Government contractors must be aware of two recent developments that will affect their obligations to current employees and job applicants. First, last month President Obama made good on a promise made during his State of the Union Address by raising the minimum wage for government contractor employees to $10.10 per hour ($4.95 for tipped employees in specific circumstances where the employer is eligible for a “tip credit”). The new minimum wage does not become effective until January 1, 2015. Look for some states to follow the Federal government’s lead, raising the minimum wage for companies working on state contracts.
Second, beginning later this month the Office of Federal Contract Compliance Programs’ (“OFCCP”) regulations will require government contractors to invite job applicants and employees to self-identify their disabilities on a standard Self-Identification of a Disability Form. The Office of Management and Budget approved a revised version of the standard form in January. The revised form allows employees and applicants to affirmatively state that they do not have a disability, and also allows employees and applicants with disabilities to note necessary accommodations. OFCCP regulations require government contractors to survey their existing workforce within the first year of the employer’s next regular Affirmative Action Program (“AAP”) update following the March 24, 2014 effective date of the regulations. Contractors should incorporate this revised form into their AAP to ensure compliance with the self-identification requirement.
Last month, the Obama administration announced new rules that further delayed implementation of the employer mandate provisions of the Affordable Care Act. Under the employer mandate, employers with 50 or more full-time workers are required to provide their full-time work force with health insurance coverage which meets specified standards, or face tax penalties. Under the new rules, medium-sized employers (those that employ 50 to 99 employees) will not have to comply with the employer mandate until 2016. The new rules also provide some relief to large employers (companies that employ 100 or more workers) by allowing them to avoid penalties by offering insurance coverage to at least 70 percent of their full-time workers in 2015 (compared to at least 95 percent under the prior rules).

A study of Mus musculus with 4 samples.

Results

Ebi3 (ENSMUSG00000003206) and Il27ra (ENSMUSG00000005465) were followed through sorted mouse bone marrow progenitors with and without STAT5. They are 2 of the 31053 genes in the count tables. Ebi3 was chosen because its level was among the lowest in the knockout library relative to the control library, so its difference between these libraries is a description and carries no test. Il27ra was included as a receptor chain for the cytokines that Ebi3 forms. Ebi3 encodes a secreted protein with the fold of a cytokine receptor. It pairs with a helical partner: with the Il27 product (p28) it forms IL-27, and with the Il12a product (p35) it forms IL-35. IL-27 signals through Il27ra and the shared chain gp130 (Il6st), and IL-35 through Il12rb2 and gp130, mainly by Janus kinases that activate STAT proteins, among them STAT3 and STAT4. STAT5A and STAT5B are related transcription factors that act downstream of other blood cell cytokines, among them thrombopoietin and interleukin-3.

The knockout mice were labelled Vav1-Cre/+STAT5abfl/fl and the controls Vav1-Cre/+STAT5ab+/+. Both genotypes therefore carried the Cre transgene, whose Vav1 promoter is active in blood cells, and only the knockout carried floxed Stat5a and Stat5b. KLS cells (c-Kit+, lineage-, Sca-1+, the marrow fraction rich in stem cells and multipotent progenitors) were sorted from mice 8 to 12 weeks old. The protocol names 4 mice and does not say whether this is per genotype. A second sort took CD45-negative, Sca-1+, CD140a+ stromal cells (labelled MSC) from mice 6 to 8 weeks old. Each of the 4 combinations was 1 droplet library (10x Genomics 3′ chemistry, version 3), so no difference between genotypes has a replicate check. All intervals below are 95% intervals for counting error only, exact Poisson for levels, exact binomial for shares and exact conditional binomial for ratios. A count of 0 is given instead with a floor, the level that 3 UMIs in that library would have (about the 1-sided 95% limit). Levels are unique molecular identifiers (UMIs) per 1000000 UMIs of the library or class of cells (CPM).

Earlier this month, in Lawson v. FMR LLC, the United States Supreme Court ruled that Section 806 of the Sarbanes-Oxley Act (“SOX”), the post-Enron Act which bans retaliation against whistleblowers, applies not just to employees of public companies, but also to employees of contractors and subcontractors who work for those public companies. The Court found that absent such a ruling, contractors’ employees, including attorneys and accountants, could be retaliated against by their employers for whistleblowing on violations committed by the public companies with which their employers contract, which is precisely what the Act seeks to deter. Accordingly, a new type of whistleblower suit is now possible. Moreover, an additional class of employees – employees of contractors – now may feel empowered to report perceived wrongdoing, which may lead to additional investigations by the SEC, DOJ and other enforcement authorities, regardless of whether the company that employs the whistleblower is itself public. Companies should evaluate their whistleblower policies and consider adopting new policies to protect their interests in the event that the SEC, DOJ or some other “unexpected” regulator knocks on their door.
Watch this space: The President recently announced potentially dramatic changes to the FLSA overtime obligations. We will send an update once concrete information becomes available.
The contents of this Alert are for informational purposes only, and do not constitute legal advice. If you have any questions about this Alert, please contact a member of the Shulman Rogers Employment and Labor Law Group or the Shulman Rogers attorney with whom you regularly work.